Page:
The Toronto Maple Leafs have long had among the most expensive tickets in the National Hockey League, and this week the team announced it is once again raising prices. The reason? Demand for Leafs seats greatly exceeds supply.
Meanwhile, the Arizona Coyotes earlier this month announced that, unless taxpayers cough up a big subsidy, in the form of a couple of hundred million bucks for a new arena, they'll leave the state. The reason? In Phoenix, hockey tickets are not exactly a highly sought after commodity. Supply greatly exceeds demand, and the franchise's expenses consequently greatly outstrip revenue.
The Coyotes are an endless gusher of red ink, while the Leafs are hugely profitable, and poised to become more so. At first glance, the relative finanical success of these two businesses at opposite ends of the continent seems only natural. After all, this is hockey we're talking about, so you'd expect the Canadian team to have a healthier bottom line than the one from the American desert. It's just the free market at work, right?
But look a bit closer. North American professional sports is not a free market. New teams can't be created without the NHL's approval, and existing teams can't just pick up and move from cities with low demand, like Phoenix, into areas with ridiculoulsy high demand, like Southern Ontario. (Just ask Jim Balsillie.)
As a result, the Coyotes and the Leafs, the basket case and the money machine, have a symbiotic relationship. The Coyotes are unprofitable because they're in Phoenix. But because they're in Phoenix, where the demand isn't – and not in Toronto, Mississauga or Hamilton, where the demand is – the Maple Leafs are hugely profitable.
The Coyotes' problem, since they moved from Winnipeg to the desert two decades ago, is that they can't sell enough tickets, at high enough prices, to cover their costs. The team has among the league's lowest ticket sales, at among the lowest ticket prices.
To remain in Arizona, the franchise needs somebody other than its own paying fans to bridge the gap. Enter Canadian hockey fans. A chunk of the big profits that pro hockey generates up north are shipped south as part of the league's revenue-sharing system.
The Coyotes' other mark are the easily-duped burghers of the Phoenix suburb of Glendale. They built the team a new arena just 13 years ago, and threw taxpayer money at it for years. But they've since become less generous, causing league Commissioner Gary Bettman to last week ask the state of Arizona to gift the Coyotes another new, taxpayer-financed arena – in a different part of Phoenix.
The Maple Leafs' "problem" is the polar opposite. Even at very high official ticket prices, anyone who snags a seat can turn around and resell it at a profit. According to TicketIQ, a blog tracking the secondary market, the Leafs are the most expensive ticket in the NHL, reselling at four times the price of a Coyotes ticket.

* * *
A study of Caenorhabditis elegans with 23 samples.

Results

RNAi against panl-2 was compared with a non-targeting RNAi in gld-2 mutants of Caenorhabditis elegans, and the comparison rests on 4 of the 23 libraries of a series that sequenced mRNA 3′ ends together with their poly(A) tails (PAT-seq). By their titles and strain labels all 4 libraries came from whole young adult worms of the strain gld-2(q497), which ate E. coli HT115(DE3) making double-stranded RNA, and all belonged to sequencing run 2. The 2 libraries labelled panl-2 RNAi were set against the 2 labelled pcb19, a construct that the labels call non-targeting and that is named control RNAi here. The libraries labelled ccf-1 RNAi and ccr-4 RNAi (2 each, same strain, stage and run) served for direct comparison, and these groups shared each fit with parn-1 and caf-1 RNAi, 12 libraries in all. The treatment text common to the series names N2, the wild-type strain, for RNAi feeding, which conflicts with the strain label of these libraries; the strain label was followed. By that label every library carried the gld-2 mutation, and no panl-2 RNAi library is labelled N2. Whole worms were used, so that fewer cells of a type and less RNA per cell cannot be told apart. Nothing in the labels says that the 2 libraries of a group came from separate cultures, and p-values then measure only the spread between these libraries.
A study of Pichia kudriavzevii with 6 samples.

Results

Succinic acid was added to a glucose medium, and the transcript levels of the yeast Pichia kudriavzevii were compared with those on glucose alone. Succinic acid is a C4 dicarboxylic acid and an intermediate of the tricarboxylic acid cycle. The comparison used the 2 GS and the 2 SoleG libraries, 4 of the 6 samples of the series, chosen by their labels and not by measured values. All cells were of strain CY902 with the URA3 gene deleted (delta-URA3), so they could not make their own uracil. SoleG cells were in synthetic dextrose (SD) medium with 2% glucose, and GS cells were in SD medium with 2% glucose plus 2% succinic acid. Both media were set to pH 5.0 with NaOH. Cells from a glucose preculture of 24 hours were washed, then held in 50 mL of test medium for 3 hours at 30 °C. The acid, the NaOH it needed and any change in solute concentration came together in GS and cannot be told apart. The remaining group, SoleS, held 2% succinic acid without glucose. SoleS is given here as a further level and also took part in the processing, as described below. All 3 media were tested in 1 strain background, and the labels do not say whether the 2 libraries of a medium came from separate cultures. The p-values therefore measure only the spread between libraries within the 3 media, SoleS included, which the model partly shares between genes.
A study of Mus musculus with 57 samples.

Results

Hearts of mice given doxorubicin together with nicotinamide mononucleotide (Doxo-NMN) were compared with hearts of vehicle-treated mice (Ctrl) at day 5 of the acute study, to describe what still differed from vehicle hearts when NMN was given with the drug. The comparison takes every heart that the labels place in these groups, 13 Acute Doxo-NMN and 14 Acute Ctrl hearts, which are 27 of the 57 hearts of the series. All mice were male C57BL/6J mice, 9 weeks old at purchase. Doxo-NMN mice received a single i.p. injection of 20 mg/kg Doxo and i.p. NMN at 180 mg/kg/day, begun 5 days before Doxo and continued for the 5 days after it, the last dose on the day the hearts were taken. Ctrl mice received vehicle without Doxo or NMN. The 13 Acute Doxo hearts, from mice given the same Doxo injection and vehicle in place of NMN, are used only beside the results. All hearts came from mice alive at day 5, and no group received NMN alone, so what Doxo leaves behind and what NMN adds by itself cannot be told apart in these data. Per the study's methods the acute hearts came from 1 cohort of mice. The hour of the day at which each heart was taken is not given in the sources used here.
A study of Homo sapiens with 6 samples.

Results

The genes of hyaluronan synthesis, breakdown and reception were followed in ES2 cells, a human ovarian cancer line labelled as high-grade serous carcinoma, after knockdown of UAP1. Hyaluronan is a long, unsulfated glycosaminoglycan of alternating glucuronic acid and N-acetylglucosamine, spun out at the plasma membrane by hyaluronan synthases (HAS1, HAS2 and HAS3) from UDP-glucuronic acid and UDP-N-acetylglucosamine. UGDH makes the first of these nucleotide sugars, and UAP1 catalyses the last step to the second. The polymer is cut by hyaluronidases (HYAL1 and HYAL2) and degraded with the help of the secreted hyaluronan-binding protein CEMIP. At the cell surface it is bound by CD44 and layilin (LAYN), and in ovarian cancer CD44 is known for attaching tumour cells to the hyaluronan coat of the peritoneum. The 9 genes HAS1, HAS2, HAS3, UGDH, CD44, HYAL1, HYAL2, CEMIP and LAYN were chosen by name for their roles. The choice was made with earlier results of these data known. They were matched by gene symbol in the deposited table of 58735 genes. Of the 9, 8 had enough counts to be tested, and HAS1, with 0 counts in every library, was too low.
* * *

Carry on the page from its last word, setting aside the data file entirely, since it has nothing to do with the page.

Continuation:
MLSE says that upper level season tickets sold at $195 per game are fetching $250 on the resale market, while lower level tickets that retail at $80 can be resold for an average of $141. Maple Leafs Sports and Entertainment would like to capture that extra revenue.
As of Tuesday afternoon, resold tickets in the upper bowl for Saturday night's Leafs home game were being offered for upwards of $119 (U.S.). Comparable tickets in Phoenix were going for just $14. In Toronto at least, a lot of money is being scooped up by scalpers.
As MLSE chief commercial officer David Hopkinson told the Toronto Star, "There is a significant arbitrage here that we've got to try and close... Someone's going to end up with the money, and we'd rather it's not a guy in a parka."
And there's no logical reason why the Leafs shouldn't raise ticket prices. The market has already done it for them.
But the "market" the Leafs operate in is missing one thing you'll find in actual free market: Competition.
If smartphones were far more expensive in Toronto than anywhere else in North America, sellers of the devices would ship more of them to Toronto – and the price would fall. If hamburgers were far more popular in Toronto than anywhere else, entrepreneurs would open more hamburger restaurants, to meet the higher demand.
The high price of NHL hockey tickets in Toronto, relative to much lower prices in places like Phoenix, is sending a very clear signal. And if the NHL were a free market, there would be a response. To get a piece of the excess profits being made by the lone top-tier hockey team in Southern Ontario, competitors would move in. New teams would be founded in or relocated to the league's highest-demand market.
But the NHL doesn't work that way. (Again, just ask Jim Balsillie). Instead, it operates its own version of price arbitrage. A team like the Phoenix Coyotes stays put, its lack of actual fan revenues made up from other sources: A cut from the league's most profitable markets and hefty subsidies from local taxpayers.
So far, the Arizona legislature appears less than eager to accede to the NHL's request for even more cash, so the Coyotes may eventually be loading up moving trucks. But even if they do, the odds are slim that hockey-mad Southern Ontario will be their destination. The MLSE golden goose helps subsidize a squad of American lame duck franchises; those lame ducks, stuck in dry ponds, make necessary a golden goose in Toronto. It's a beautiful relationship for everyone, except Canadian hockey fans.